Dr Sam Illingworth co-edited the multilingual A Change of Climate book
A new compendium of thought-provoking climate change poetry explores different perspectives on the environmental issue.
The collection, called A Change of Climate, was compiled from entries submitted to a global poetry competition run by Manchester Metropolitan University and the University of Edinburgh.
People were asked to submit poems of 40 lines or fewer about the subject of climate change and were purposely left to interpret this topic for themselves.
The result is a range of sad, angry and even comedic poems, the best of which made it into the compendium available in both a hard copy and a Kindle e-edition.
Dr Sam Illingworth, Senior Lecturer in Science Communication at Manchester Metropolitan University and co-editor of the collection with poet Dan Simpson, said: “Putting together this collection of poetry has been a very humbling experience.
“The poems that were submitted reflect the individual experiences and personal narratives that I believe are necessary in order for us to take collective action against climate change, and to make a difference before it is too late.
“The poems that made it into A Change of Climate are the ones that we felt spoke to us on the most personal level, and which managed to do the very difficult job of localising a global problem.”
The poetry contest was held this summer and attracted 174 entries from 23 countries in five different languages.
Judges selected their favourite 20 to appear in the multilingual A Change of Climate to give a flavour from across the world of people’s everyday experiences of climate change and to capture the shifting attitudes towards the issue.
Forewords to the collection have been written by award-winning poet Dr Helen Mort, a Lecturer at the Manchester Writing School at Manchester Metropolitan University, and by Valerie Masson-Delmotte, the co-chair of the Working Group 1 of the Intergovernmental Panel on Climate Change, the UN body for assessing the science related to climate change.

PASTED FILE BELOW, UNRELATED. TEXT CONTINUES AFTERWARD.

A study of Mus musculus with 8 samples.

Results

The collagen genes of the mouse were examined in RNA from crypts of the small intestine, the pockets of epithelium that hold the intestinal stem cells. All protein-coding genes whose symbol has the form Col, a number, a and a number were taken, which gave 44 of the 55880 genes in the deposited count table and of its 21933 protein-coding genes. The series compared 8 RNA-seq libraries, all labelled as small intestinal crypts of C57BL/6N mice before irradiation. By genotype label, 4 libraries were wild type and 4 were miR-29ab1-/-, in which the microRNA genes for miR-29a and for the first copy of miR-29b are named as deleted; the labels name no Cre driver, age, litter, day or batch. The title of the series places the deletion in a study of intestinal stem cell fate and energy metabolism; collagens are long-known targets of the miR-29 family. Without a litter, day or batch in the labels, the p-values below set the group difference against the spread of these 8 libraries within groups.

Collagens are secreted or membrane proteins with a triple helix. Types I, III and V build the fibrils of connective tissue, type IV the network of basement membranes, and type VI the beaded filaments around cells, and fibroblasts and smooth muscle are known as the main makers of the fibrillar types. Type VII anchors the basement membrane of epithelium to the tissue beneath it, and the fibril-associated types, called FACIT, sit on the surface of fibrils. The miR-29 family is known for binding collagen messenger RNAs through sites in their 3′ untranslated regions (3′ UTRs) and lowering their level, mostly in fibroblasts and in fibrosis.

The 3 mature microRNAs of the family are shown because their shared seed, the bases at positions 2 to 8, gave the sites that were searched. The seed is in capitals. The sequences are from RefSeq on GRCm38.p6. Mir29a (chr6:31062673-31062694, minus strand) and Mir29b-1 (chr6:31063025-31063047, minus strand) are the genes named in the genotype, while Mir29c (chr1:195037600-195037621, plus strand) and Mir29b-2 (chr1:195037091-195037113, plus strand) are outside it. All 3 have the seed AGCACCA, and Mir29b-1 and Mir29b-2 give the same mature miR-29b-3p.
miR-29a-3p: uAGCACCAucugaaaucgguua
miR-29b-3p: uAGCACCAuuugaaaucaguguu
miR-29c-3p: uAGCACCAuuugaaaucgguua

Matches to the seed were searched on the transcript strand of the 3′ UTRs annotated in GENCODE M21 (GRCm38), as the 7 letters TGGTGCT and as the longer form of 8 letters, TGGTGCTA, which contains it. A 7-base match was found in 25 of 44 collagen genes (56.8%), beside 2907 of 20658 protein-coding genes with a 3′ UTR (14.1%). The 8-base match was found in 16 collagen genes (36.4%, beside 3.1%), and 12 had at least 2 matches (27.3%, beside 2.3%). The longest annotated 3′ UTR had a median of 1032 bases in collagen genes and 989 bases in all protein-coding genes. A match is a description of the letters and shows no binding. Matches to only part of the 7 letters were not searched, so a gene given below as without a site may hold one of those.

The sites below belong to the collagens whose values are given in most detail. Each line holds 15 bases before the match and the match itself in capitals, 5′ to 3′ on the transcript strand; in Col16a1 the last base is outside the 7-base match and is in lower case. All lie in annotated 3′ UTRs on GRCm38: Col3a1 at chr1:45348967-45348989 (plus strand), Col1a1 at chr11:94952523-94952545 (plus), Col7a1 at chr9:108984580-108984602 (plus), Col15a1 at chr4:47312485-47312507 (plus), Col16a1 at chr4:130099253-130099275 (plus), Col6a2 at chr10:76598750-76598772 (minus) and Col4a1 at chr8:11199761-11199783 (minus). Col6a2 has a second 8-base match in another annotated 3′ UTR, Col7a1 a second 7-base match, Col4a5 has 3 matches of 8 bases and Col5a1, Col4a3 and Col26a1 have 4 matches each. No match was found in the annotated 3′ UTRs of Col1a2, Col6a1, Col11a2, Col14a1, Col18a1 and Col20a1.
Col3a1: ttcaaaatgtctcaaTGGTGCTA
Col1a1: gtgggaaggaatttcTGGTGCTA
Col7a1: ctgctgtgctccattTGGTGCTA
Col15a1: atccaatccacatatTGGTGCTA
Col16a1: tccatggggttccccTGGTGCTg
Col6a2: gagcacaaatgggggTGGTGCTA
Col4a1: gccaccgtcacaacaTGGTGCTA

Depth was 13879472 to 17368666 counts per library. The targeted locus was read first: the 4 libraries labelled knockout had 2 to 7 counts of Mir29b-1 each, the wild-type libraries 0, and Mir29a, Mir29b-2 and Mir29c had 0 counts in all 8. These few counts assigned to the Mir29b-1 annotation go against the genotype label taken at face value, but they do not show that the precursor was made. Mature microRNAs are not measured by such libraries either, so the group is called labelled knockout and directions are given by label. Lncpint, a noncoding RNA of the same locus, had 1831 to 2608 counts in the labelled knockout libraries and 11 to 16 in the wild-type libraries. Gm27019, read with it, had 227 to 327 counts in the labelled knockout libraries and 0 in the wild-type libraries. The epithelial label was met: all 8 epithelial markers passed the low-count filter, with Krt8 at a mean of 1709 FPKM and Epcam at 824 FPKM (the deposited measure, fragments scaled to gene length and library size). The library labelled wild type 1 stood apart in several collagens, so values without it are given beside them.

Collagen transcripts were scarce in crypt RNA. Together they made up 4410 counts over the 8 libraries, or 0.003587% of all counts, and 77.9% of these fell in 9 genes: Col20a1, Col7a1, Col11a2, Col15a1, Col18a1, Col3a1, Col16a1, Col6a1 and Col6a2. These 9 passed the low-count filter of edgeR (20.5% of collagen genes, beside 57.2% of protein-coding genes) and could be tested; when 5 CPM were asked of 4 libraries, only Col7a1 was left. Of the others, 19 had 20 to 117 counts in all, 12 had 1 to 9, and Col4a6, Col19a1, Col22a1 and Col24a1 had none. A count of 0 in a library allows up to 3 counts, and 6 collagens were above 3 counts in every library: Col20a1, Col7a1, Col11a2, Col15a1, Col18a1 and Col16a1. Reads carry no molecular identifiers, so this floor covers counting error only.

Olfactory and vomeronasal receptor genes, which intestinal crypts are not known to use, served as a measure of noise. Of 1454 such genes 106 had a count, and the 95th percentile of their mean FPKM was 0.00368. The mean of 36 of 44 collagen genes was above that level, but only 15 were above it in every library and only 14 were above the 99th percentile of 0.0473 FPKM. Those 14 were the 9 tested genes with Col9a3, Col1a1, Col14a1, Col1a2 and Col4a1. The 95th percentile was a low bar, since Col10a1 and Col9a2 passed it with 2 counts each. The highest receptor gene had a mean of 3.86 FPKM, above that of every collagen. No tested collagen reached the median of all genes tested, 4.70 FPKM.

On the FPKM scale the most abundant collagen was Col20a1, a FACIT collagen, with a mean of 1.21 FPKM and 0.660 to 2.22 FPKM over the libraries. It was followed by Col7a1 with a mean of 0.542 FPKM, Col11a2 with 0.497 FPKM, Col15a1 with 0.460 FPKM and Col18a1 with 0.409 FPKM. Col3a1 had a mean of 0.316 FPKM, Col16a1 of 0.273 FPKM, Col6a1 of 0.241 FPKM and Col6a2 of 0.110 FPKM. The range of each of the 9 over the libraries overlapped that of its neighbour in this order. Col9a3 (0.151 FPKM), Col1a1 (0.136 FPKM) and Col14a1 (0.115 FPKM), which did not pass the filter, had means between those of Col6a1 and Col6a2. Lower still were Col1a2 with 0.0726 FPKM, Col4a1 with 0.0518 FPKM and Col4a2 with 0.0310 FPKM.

The competition and the production of the poetry compendium have been funded by a grant from the Greenhouse Gas UK and Global Emissions (GAUGE) project from the Natural Environment Research Council.
Professor Paul Palmer, the lead investigator on GAUGE based at the University of Edinburgh, said: “Working with Dr Illingworth has been a pleasure.
“With his poetry project he has given voices to people that aren’t necessary engaged with the scientific process.
“As citizens of Earth, which is now responding to human-driven changes in climate, they have something to say and should be heard.”
The poetry collection book costs £4.99 and all of the proceeds will go to the Environmental Justice Foundation (EJF), an organisation that protects people and the planet by investigating and exposing environmental and human rights abuses. EJF’s climate campaign calls for the legal recognition and protection of climate refugees - people who have been forced from their homes due to extreme weather.
Steve Trent, Executive Director of EJF, said: "Across the world millions of people are being forced from their homes, driven out by increasingly frequent and severe extreme weather events, from floods to fires, they are today's climate refugees.
“We need to communicate these threats and challenges, along with the solutions to them, solutions that are within our grasp if we act now.
“This superb collection of poems will help to engage, explain and inspire people to act, both for our own wellbeing, but also for those who are more vulnerable and unable to help themselves.”
Dr Illingworth said: “Climate change is real. It is happening now. It affects all of us. And the only way that we can mitigate its effects in a meaningful fashion is to take collective action.
“Part of the challenge that we face in mobilising this collective action is in convincing people from currently less affected areas that climate change is this very second, responsible for the destruction of thousands of ecosystems, insects, animals, plants, birds, and humans.
“What was needed is something that can transcend cultural barriers, and which can contextualise and localise a global problem. What was needed was poetry.”
See more poets reading their poems on film on the Environmental Justice Foundation's YouTube channel.